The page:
Hire a Professional Restorer When Working on These Six Types of Projects
If you aren't already familiar with the kind of work professional restorers do, then now's the time to smarten up. "A professional restorer is an artisan who brings decorative objects, artworks, or furniture back to their original condition after showing signs of wear and tear from use, or after suffering damage, either structural or surface," says Jane Henry of Jane Henry Studios, a full-service antique conservation and restoration shop based in New York City. "The process entails surveying the piece, and choosing the most appropriate methods and materials to properly fix the item while maintaining its integrity."
While some furniture and décor items can be repaired at home DIY-style, others are best left for the professionals. "Improper alterations or repairs can adversely affect the value of an object," explains Brian Stair of Oxford Restoration in New York City. "A good percentage of the work that we do is undoing and redoing previous restorations."
Curious what kinds of repairs you should always enlist the help of a professional restorer for? We asked Henry and Stair to share their advice, and this is what they had to say.
If it involves glue.
Whether it's a damaged veneer, broken ceramic object, or furniture joints in need of repair, Henry says if it involves glue of any kind, you should call a professional. "Repairs require the appropriate glue—as well as clamping and drying time—and if you use the wrong kind, it's not easily reversible," she explains. "If something is glued and is misaligned, it can cause an exponential amount of damage and will make a professional's fix far more time-consuming."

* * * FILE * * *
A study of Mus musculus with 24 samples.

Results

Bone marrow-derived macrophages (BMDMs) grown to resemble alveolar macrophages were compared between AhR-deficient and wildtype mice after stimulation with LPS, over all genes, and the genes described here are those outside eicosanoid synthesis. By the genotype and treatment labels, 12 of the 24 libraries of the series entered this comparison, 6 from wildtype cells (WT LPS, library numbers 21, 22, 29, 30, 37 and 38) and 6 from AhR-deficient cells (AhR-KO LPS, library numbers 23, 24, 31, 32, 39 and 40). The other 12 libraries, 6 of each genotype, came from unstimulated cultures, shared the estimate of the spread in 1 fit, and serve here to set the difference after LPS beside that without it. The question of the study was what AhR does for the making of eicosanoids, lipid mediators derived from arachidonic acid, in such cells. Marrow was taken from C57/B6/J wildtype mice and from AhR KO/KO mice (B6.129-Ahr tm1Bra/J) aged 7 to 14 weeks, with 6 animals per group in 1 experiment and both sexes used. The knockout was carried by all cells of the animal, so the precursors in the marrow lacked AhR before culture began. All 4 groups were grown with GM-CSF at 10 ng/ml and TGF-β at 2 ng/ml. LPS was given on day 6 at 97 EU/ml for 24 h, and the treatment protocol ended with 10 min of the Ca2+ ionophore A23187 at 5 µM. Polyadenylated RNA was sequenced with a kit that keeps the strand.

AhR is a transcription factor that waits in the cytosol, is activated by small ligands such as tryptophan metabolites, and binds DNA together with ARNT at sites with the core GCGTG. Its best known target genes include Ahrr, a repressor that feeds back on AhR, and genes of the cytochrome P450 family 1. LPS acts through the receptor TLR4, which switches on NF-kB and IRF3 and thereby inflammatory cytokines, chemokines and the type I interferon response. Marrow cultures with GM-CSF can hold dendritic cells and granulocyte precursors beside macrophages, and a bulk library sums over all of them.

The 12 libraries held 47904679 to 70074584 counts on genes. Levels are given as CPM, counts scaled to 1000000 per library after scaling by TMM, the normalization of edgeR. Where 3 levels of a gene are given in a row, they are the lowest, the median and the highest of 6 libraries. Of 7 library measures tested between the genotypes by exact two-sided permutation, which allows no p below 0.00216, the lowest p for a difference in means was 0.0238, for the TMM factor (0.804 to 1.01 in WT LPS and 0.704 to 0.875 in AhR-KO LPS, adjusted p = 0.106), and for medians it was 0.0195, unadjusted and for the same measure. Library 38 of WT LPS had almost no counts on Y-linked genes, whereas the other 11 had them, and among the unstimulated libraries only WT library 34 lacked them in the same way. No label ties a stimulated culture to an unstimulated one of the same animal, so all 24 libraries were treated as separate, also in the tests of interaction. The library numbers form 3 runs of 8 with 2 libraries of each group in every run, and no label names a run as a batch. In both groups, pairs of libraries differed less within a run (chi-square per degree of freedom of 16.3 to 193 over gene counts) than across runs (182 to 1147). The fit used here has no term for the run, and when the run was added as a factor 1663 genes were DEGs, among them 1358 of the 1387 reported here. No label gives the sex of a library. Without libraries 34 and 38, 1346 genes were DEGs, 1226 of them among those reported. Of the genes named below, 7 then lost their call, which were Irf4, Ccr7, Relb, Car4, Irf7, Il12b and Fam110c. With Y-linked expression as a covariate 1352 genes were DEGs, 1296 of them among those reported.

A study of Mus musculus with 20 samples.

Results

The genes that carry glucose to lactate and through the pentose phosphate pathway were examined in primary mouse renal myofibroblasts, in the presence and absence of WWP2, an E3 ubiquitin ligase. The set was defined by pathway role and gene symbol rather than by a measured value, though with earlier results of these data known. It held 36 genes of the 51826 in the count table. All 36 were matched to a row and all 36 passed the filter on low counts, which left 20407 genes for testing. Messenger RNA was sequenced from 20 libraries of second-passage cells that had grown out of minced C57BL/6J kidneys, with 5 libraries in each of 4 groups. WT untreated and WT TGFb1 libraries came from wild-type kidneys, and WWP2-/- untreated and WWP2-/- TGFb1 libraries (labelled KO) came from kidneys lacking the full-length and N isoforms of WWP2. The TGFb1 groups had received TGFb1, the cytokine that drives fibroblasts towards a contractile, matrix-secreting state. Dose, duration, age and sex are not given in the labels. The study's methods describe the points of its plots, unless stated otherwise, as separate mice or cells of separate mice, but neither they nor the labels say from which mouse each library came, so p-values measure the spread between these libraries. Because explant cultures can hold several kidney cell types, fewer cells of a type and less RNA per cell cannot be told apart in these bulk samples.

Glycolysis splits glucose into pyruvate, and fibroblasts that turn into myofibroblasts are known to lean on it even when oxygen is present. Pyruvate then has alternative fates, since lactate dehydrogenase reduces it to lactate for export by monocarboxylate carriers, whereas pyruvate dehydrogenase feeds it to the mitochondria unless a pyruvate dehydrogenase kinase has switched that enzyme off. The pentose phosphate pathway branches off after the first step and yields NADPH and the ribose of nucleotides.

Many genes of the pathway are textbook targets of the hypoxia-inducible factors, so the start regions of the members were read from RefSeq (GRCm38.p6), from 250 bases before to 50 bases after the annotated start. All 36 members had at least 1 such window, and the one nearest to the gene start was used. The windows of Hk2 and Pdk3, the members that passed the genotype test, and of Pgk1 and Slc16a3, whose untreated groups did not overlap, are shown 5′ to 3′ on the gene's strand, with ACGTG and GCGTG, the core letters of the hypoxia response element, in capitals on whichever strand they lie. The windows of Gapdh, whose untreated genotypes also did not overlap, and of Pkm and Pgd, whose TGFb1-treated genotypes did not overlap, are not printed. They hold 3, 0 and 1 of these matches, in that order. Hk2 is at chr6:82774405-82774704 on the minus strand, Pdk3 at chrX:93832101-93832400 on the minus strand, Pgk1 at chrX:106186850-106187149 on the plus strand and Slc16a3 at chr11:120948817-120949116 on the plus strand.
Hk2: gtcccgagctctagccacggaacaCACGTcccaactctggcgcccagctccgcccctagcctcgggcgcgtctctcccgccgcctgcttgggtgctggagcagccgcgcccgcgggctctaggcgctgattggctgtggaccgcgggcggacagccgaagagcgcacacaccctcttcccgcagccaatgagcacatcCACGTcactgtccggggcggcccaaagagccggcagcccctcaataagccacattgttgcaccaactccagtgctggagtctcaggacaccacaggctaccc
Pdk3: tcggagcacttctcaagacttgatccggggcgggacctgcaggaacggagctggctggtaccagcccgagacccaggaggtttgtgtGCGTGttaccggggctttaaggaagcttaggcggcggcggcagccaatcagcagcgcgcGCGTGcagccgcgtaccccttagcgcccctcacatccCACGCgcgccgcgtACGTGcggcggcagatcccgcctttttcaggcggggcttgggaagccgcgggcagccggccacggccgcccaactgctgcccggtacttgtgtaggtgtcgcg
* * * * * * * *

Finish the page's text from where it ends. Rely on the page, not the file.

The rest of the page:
If you plan on stripping the stain or finish off of a beloved piece of furniture by yourself, Stair says to stop and hire a professional restorer instead. "Vintage or antique furniture is almost always more valuable with its original appearance and components intact, and a professional restorer has the ability to determine the original materials used in the fabrication or finishing of an object," he explains. "However, you can generally clean and wax most furniture without damaging its antique value or aesthetic."
Cleaning or repairing artwork.
Don't let the online tutorials fool you. Henry says that it's crucial to enlist the help of a professional when cleaning, repairing, and restoring artwork. "Using a harsh chemical, or even applying too much pressure on a painting or work on paper, can remove particles of the original paint," she explains. "It can also leave a harmful and corrosive residue on the surface, resulting in potential further deterioration."
Stains on fine fabric.
If you're attempting to remove a stain from a delicate textile or upholstered item at home, Henry says to take it to a restorer instead. "Putting the wrong chemical on certain types of fabric and upholstery can damage the fibers, cause the stain to spread, or worse yet, lock the stain in," she explains.
Color touch-ups on fine furniture.
While it may be tempting to touch-up the painted finish on a piece of antique or vintage furniture on your own, Henry says it can quickly backfire. "I have received pieces touched up with nail polish, wall paint, and sharpies, to name a few," she says. "These can leave permanent, or difficult to remove, stain or residue."
Since most family heirlooms are truly irreplaceable, Henry recommends calling a professional restorer when you need to clean or repair one. "Even light cleaning can cause damage if done incorrectly, so if something is valuable, either sentimentally or because it is rare, it is always best to consult a professional," she says. "It may cost more than the object's monetary value, but your ancestors will smile upon you."